The Women in Energy Storage Mentoring Programme sat down with Krishnan Rajagopalan, one of this year’s mentors, to chat about his journey in renewable energy and the challenges and opportunities in the energy storage sector.
1) Tell us a little about yourself. What do you love most about what you do?
I am a seasonal senior management professional in the energy industry with over 19 years of work experience. I’ve handled multiple technologies like thermal energy equipment, water and wastewater technologies, bioenergy (biomass and bio methanation), solar, small wind and battery energy storage. I am now working in the hybrid energy and storage space.
I am also an enthusiastic person with a passion for energy and the environment. I love to travel, meet different people, network, cook and clean with my wife, provide lectures and sports. I love networking and sales and I am happy doing that today on a global platform (officially). Personally, I am enjoying being with my family all the time without travel (due to Covid-19), understanding lots of family life and empathizing with many things.
2) What were your goals when you started working in energy storage? Have these evolved?
The world is moving towards transmission in the way energy is used, stored and reused. I wanted to keep evolving with the technology and I’m currently enjoying understanding the concepts around hybrid energy and how battery storage is changing the dimensions of the power industry. This is an evolving field and I am also growing myself, my knowledge, and learnings alongside the industry growth. So far the journey has been very fascinating and promising.
3) How have you adapted to the challenges caused by the COVID-19 pandemic and what advice would you give someone going through similar challenges?
On a surprising note, a lot of positive developments happened during this COVID 19 period, while business slowed down. The networking in the professional/business space has increased tremendously for me and resulted in business. The only issue/impact is that contracts are not getting closed at the pace with which we were expecting they would be pre-COVID 19. We have changed our approach to the issue by engaging more with customers, organizing roundtable sessions with clients to listen, share and join hands to provide optimized solutions.
4) What are the opportunities for energy storage growth in your country?
I am from India. The only country which is growing at a positive pace in these COVID 19 times, due to the sheer internal demand. Energy has always been at the forefront in India and today RE penetration is going at a high speed into the grid. This is posing lots of challenges and round the clock, RE power requirements are coming up. This has shown tremendous opportunities in the Indian market for storage both in energy application and power application.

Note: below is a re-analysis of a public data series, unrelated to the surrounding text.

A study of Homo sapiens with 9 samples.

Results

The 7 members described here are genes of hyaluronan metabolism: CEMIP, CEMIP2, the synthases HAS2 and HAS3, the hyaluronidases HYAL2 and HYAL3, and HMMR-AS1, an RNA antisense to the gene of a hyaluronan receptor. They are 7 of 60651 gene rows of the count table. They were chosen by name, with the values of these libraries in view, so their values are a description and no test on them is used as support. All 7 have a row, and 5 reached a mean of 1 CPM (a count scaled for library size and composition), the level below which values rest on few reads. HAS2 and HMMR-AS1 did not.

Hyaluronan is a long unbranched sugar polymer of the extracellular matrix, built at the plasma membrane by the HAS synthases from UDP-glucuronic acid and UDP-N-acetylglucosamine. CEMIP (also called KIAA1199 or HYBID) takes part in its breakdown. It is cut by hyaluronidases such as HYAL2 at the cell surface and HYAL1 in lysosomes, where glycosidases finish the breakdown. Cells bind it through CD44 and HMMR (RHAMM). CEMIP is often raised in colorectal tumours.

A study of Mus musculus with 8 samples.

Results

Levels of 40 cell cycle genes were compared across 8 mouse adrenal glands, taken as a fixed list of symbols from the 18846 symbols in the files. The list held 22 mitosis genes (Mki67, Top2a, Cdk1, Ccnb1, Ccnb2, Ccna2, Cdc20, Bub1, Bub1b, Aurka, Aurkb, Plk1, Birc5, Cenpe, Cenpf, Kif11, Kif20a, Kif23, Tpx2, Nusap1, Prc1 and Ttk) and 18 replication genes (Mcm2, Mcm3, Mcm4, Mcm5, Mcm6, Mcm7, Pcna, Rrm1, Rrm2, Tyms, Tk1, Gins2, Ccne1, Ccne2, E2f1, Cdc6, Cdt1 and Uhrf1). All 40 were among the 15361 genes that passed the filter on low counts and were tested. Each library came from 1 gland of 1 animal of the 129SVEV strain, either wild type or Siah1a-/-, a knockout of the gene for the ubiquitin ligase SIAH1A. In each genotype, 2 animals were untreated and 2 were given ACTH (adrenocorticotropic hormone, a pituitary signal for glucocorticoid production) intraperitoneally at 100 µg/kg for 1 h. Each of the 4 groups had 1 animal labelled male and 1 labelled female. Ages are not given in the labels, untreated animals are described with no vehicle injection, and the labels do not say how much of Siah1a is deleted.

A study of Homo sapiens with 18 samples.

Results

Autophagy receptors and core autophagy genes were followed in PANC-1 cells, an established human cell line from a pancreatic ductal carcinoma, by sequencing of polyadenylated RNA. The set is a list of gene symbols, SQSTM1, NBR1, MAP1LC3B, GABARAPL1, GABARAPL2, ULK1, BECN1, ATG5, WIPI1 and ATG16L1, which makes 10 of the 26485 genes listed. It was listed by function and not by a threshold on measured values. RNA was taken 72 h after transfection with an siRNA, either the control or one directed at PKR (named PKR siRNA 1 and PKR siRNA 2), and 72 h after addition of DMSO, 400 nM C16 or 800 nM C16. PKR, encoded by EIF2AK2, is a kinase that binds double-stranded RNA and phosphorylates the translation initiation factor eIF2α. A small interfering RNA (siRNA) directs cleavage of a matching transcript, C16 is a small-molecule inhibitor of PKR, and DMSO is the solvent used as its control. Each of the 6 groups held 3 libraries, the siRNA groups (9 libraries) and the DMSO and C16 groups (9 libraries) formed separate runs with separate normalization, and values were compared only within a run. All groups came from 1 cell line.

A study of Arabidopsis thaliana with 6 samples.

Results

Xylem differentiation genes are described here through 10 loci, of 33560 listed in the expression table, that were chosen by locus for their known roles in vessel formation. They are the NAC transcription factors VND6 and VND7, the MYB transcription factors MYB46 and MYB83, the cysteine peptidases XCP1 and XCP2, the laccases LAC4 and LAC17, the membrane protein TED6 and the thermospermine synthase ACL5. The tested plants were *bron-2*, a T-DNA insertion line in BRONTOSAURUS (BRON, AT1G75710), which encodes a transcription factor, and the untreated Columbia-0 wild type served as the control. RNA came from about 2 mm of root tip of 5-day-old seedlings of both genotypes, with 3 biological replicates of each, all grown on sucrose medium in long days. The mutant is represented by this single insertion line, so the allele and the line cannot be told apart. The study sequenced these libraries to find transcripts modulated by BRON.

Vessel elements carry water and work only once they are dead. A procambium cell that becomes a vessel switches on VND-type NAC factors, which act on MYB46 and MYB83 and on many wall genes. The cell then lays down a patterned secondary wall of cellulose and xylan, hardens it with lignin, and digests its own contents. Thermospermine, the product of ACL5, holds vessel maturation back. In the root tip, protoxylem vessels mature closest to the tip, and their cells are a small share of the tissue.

In addition, the Electric Vehicle space is also pushing battery storage technology requirements to new heights. It is estimated that the Indian stationery storage market is expected to be 50 GWh in 2025, considering only 50% of the RE assets deploy storage solutions behind the meter and dispatch scheduled power into the grid.
5) What challenges have you faced in the sector? Can you tell us how you overcame (or are overcoming) this challenge(s)?
Job opportunities have obviously slowed down, as new investments are taking time. But growth prospects have increased a lot. Work-life balance has taken a toll but the COVID situation has made me realize and empathize with my wife and kids and make changes to our approach to issues. We all are facing problems and sharing has become the norm of the day.
The only way to overcome is to motivate one another, share positive messages, and shift from complaining towards empathizing/encouraging each other. Share the difficulties and understand the mental trouble everyone is going through. It is a paradigm shift in lifestyle but for the best of our future.
6) Why did you join the Women in Energy Storage Mentorship Programme? What do you hope to achieve?
I have always promoted gender balance in life (on a lighter note – there are 3 women in my family, my wife and 2 daughters) and I wish my knowledge, experience and networks helps a woman professional enhance her technical and commercial skills, increase her global network, position herself strongly in her work and progress in her career. This will enhance life’s balance and put to rest many unscrupulous behaviours shown against women in society.
7) What advice would you give to women hoping to join the energy storage sector?
GWNET is a great platform with respect, opportunity, dignity, networks and support provided for all women. Come, join, learn, unlearn, relearn, prove, excel, grow and enjoy your work and life. This is an exciting journey for all who deserve and are willing to learn.
Read more about GWNET’s mentoring programmes here.
Become a mentor – what’s in it for you?
GWNET is looking for senior professionals who are eager to make a difference and have a positive impact on a younger woman’s career in the energy sector. With the ever-changing dynamics of the business fields, digitalisation, knowledge and knowledge sharing has become more important than ever. As a mentor, you get the opportunity to give something valuable back to more junior professionals and to expand your own knowledge through your mentees’ perspective. Mentoring will contribute to personal and professional development for both you and your mentee, as well as, shaping the direction of future generations within your field of expertise.
If you are interested in volunteering as a mentor in one of GWNET’s mentoring programmes (which involves approx. 1 – 1.5 hours of engagement per month plus optional participation in knowledge-transfer webinars), kindly fill-in the Mentor Datasheet.